February 11, 2013
Lockheed Martin Space Systems, a longtime powerhouse in robotic spacecraft, is staking a larger position in human spaceflight as a way to stay busy while its big civil-space customers adjust to the new era of budget and political uncertainty.
The Littleton, Colo.-based unit will draw on its work with NASA's planned Orion crew capsule to help neighboring Sierra Nevada Corp. human-rate its Dream Chaser entry in NASA's commercial crew sweepstakes. Meanwhile, Lockheed Martin crews at NASA's Michoud Assembly Facility in New Orleans, where the company built all of the aluminum-alloy tanks for the space shuttle program, will use expertise in composites gained in part from fighter aircraft work, to build the lightweight lifting body structure for the reusable commercial vehicle.
And the experience gained from decades of integrating European instruments and other hardware into scientific satellites and space probes will help company engineers and managers as they work to fit a European service module to the back of the Orion capsule. The efforts are designed to keep facilities the company has developed over decades working as steadily as possible while the spacecraft industry transitions into 21st century conditions.
“We're looking across human spaceflight for what other things can we do to bring our processes, people and experience in to level-load a facility better so that our costs are lower, so that we're more effective and efficient in what we do,” says Jim Crocker, Lockheed Martin vice president and general manager for civil space.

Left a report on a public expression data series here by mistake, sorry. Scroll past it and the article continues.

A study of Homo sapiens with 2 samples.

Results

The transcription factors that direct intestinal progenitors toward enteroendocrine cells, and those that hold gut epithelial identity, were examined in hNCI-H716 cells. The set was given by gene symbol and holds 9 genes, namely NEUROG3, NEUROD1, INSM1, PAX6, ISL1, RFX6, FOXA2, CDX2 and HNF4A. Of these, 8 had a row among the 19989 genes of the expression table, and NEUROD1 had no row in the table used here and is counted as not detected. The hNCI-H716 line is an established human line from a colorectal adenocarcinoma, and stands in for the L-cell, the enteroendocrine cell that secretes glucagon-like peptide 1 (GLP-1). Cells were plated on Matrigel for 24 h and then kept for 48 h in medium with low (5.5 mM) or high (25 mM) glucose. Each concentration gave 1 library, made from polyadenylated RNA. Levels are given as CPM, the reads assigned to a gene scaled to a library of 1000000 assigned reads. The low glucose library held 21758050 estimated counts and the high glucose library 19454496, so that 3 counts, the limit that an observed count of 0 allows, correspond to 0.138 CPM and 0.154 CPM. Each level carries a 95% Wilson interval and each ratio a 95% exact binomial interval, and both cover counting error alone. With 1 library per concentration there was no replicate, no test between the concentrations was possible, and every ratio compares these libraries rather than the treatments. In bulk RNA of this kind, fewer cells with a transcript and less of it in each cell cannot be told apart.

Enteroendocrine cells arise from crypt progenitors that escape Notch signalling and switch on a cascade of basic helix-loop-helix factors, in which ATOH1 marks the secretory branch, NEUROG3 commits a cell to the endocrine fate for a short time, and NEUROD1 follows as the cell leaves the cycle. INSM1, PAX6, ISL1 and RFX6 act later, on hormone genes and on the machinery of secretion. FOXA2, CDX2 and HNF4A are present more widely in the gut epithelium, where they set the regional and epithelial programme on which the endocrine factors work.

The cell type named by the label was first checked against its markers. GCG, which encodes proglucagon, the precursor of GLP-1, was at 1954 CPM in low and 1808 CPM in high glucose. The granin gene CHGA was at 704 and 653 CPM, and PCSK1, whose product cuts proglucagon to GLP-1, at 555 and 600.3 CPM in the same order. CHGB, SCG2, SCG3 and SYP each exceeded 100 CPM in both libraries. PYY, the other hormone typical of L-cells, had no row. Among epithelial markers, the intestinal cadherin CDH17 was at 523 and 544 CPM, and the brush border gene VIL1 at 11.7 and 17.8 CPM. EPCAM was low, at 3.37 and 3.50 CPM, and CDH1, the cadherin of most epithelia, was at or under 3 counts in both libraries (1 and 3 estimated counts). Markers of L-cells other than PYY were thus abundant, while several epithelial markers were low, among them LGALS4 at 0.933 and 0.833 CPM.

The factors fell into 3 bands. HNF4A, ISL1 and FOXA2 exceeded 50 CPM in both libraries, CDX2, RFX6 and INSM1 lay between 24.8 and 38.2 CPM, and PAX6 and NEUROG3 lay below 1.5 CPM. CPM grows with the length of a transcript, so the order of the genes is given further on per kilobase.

For the Orion contract, which it won under the George W. Bush administration's Constellation program of post-shuttle vehicles, the company built a high-fidelity Space Operations Simulation Laboratory in Littleton, where it can simulate lighting conditions and sensor performance for proximity operations, autonomous docking and touch-and-go “landings” at the asteroid that has since become the U.S. human objective in space (AW&ST Jan. 9, 2012, p. 44). Crocker says he is already in discussions with Sierra Nevada about using the simulation lab to test Dream Chaser prox ops and docking at the International Space Station (ISS), both autonomously and piloted.
The company also has worked with NASA's Orion program at Johnson Space Center to streamline the certification process required to ready Orion to carry NASA astronauts. Now it will apply that experience to help Sierra Nevada perform the same tasks as the U.S. space agency begins human rating the Dream Chaser and other commercial crew vehicles in the works. Among them are eliminating duplicate specifications, and reducing the “deliverables” NASA requires in the certification process.
“Some of these deliverables are heritage that probably go back to Mercury,” Crocker says. “We've just always gotten this particular data package, and it gets put on the list, and nobody was looking at it. [NASA] has been really receptive in saying 'you know, we don't want you to give us something we don't want [or] need. So let's save that money and put it into flight hardware.”